We are making many different full page magazine ads for Snap Art 3. Here I’ll walk you through how Tom Welsh made the art for one of them. Tom is the creator of Snap Art and remains the lead programmer.
Tom started with a stock photo that is a pretty typical portrait situation. Full disclosure, he tweaked it in Photoshop first to make the dress more blue. He also tweaked the mom’s nose and daughter’s eye so they would stand out better after brush strokes were applied.
I’m guessing that Tom started with a preset in the Oil Paint folder like Landscape – Bristle Brush. That made the background rough and abstract. To add depth and make the subjects stand out from the background, he made a mask layer as shown below.
Note that mask layers are usually very quick to make. You aren’t drawing paint strokes or making a precise selection. You are just showing Snap Art where to apply more detail. Tom spent less than one minute making the mask above.
After making the mask, Tom switched to the Layers Tab and chose the Detail preset which decreases brush size and increases photorealism relative to the background. He then tweaked the sliders a little more, which is why there is an asterisk on the word Detail.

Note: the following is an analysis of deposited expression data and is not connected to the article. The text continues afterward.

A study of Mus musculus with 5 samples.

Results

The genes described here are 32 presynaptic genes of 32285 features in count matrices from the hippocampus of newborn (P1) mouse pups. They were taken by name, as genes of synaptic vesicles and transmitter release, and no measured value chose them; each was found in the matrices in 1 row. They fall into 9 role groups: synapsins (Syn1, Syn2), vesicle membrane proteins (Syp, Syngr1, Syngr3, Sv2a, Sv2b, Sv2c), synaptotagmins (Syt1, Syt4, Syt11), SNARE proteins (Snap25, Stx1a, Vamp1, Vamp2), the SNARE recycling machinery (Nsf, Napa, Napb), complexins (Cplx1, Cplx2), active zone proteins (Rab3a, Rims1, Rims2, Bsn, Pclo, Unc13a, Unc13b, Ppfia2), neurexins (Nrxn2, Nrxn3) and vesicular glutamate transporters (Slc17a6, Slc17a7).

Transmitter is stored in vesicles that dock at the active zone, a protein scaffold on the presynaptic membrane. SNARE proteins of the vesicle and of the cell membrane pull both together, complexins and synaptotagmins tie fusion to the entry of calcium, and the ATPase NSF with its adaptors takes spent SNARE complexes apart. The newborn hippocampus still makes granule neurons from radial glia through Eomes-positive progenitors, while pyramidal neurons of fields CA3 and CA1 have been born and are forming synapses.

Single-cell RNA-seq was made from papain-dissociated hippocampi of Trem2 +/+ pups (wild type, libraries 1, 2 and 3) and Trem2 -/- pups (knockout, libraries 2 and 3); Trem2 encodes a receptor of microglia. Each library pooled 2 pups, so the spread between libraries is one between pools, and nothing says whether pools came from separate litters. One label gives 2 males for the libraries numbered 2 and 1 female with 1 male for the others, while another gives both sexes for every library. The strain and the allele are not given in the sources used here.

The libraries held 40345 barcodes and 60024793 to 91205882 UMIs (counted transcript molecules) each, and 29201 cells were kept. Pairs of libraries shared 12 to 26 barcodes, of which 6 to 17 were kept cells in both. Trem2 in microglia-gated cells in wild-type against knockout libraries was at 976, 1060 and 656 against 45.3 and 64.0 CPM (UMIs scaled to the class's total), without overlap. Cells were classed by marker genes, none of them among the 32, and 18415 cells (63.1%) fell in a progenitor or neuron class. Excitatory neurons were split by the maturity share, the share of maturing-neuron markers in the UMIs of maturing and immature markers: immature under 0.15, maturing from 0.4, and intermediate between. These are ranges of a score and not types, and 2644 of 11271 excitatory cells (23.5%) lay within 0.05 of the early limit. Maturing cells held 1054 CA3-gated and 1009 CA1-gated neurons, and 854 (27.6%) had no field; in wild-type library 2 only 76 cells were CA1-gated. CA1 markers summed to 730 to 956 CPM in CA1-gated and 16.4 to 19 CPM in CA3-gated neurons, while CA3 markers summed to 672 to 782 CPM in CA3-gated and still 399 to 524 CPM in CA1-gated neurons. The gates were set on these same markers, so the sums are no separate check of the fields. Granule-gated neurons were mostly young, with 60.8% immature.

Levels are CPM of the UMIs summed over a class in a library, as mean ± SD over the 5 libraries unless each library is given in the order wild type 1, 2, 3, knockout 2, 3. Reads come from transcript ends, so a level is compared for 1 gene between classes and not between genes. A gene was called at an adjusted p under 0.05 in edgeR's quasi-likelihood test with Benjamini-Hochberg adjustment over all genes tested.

That made the subjects a little clearer, but the faces were still too rough. With portraits we almost always use a mask layer on the faces or just the eyes. Below is the second layer. It took Tom about 10 seconds to make it. Just make sure you cover the eyes, nose, and mouth.
Below are the settings used for the face layer. The brush size is even smaller and photorealism is even higher. Tom clicked the disclosure triangle on the right to expose more sliders. He decreased Paint Thickness to decrease rough surface texture. That is usually good to do for faces so you don’t have a lot of distracting bumps and highlights.
Here is the final result. Make it at high resolution, print it on canvas, and your client will think you are a genius.